FLINT - As someone who makes the occasional stab at humor, I would like to offer conservatives across the nation a little advice: Stop trying to be funny.
Just stop. It isn't working. When you try to joke about poverty, gays, sexuality and so forth it always falls flat. People get mad and you look silly. So why do it? Just accept that conservatives in general have a tin ear when it comes to humor and move on.
I'll enter two recent examples into evidence.
First, Rush Limbaugh, who grudgingly apologized this week for calling a Georgetown student a "slut" then followed that with "If we're going to have to pay for (birth control), then we want something in return and that would be the videos of all this sex posted online so we can see what we're getting for our money."
In his unapologetic apology, Limbaugh claimed he was just illustrating the absurd by being absurd. People scoffed, but I think there might have been the faintest glimmer of truth there. He was trying to be funny, in his own narrow, bigoted, hateful Rushy way.
Sure, he believes all the ridiculous stuff he says. He's frightened of modern women, hates gays, disdains poor people and so on, but those long-held views never bothered anyone before.
His error here is that he tried to be outrageous about a subject (reproductive rights) and a target (a smart young woman testifying before Congress) not easy to joke about. And, of course, he went way too far with it - like around the block five times too far.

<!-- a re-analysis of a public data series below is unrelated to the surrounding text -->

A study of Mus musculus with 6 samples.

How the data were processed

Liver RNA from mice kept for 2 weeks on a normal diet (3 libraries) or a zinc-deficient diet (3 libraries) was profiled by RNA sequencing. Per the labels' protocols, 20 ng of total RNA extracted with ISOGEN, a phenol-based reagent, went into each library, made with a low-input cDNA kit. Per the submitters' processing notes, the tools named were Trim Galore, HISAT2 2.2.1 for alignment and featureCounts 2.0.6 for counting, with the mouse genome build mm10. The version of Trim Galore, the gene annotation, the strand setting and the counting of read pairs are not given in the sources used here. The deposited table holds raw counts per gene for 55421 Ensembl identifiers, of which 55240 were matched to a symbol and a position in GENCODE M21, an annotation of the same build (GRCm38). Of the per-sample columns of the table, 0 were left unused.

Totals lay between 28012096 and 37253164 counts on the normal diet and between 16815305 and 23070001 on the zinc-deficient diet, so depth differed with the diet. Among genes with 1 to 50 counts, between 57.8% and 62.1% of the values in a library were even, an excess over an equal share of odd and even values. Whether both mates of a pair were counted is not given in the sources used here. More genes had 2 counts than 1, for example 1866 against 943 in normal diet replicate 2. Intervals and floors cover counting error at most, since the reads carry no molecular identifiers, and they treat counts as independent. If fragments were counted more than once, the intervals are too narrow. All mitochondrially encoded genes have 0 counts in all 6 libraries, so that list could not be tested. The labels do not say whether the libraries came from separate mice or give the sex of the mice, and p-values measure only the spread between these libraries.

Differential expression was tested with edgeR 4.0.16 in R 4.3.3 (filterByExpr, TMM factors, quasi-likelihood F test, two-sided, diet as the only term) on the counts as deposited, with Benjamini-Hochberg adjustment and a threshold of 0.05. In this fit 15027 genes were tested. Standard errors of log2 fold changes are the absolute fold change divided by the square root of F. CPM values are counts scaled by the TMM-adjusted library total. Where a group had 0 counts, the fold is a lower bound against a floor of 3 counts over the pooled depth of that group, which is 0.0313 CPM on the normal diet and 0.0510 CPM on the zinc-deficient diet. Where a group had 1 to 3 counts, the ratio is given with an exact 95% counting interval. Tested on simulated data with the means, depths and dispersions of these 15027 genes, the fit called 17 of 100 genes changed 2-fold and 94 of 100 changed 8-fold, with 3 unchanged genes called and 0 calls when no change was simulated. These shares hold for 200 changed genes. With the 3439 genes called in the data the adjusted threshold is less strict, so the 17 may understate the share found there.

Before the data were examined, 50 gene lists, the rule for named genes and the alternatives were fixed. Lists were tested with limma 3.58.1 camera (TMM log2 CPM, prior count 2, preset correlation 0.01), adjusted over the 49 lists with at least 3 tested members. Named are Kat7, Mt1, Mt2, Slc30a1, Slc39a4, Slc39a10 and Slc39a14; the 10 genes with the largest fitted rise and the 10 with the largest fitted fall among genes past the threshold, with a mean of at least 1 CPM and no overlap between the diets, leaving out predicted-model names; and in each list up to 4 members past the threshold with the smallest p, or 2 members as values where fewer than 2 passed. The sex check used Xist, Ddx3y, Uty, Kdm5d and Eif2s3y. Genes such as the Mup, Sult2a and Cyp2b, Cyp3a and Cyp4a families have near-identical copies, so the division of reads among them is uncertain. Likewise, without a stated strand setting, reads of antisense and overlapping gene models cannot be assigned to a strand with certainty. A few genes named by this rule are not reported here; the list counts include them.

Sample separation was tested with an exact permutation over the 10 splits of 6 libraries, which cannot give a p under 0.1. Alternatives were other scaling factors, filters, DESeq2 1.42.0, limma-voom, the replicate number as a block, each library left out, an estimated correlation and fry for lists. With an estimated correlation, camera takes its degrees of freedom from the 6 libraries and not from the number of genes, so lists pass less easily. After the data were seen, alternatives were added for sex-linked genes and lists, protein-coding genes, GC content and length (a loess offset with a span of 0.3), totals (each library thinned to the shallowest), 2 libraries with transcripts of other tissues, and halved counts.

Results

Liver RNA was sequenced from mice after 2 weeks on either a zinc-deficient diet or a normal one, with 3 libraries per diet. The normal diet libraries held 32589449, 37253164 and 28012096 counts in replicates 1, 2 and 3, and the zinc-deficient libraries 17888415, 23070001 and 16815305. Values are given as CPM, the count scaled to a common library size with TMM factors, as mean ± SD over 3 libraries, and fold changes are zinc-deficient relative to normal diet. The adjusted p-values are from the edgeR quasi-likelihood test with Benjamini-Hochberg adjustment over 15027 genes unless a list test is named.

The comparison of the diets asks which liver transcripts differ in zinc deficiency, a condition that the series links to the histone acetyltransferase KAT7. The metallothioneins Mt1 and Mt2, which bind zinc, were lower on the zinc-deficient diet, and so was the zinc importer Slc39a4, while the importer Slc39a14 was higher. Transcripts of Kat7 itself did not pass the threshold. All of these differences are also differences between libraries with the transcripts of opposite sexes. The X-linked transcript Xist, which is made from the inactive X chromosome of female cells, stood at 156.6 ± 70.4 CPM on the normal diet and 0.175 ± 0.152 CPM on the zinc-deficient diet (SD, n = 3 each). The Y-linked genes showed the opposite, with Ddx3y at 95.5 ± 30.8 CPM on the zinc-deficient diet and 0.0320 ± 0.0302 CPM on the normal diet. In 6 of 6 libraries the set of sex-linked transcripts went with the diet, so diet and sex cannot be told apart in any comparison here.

Understand, I'm not defending him. I'm, in fact, the type he loathes - a liberal, college-educated media type who thinks we ought to help our fellow man.
That said, I also believe that you can joke about just about anything - in the right setting, in the right way, at the right time, to the right people, with the right intent. Most people, however, including me, don't have that touch. They don't know where the line is. They're not good at reading audiences.
That's why being a good standup comic is so hard.
Conservatives, for whatever reason, are particularly lousy at it. I'll give you another example.
Last week in Minnesota, state Rep. Mary Franson repeated an anonymous conservative attempt at humor that's been making the rounds on the Interwebs.
Franson said, "Last week, we worked on some welfare reform bills. And here, it's kind of ironic, I'll read you this little funny clip that we got from a friend. It says, 'Isn't it ironic that the food stamp program, part of the Department of Agriculture, is pleased to be distributing the greatest amount of food stamps ever. Meanwhile, the Park Service, also part of the Department of Agriculture, asks us to please not feed the animals, because the animals may grow dependent and not learn to take care of themselves.'"
Yeah, she said that. Now, it's not exactly news that conservatives despise poor people. But comparing them to animals? That ain't funny, Mary.
Why am I not surprised that you thought it was?
EDITOR'S NOTE - Andy Heller, an award-winning columnist for The Flint Journal, appears weekly in the Daily Press. He graduated from Escanaba Area High School in 1979. For more of his work, visit his blog at blog.mlive.com/flintjournal/aheller. You can e-mail him at email@example.com.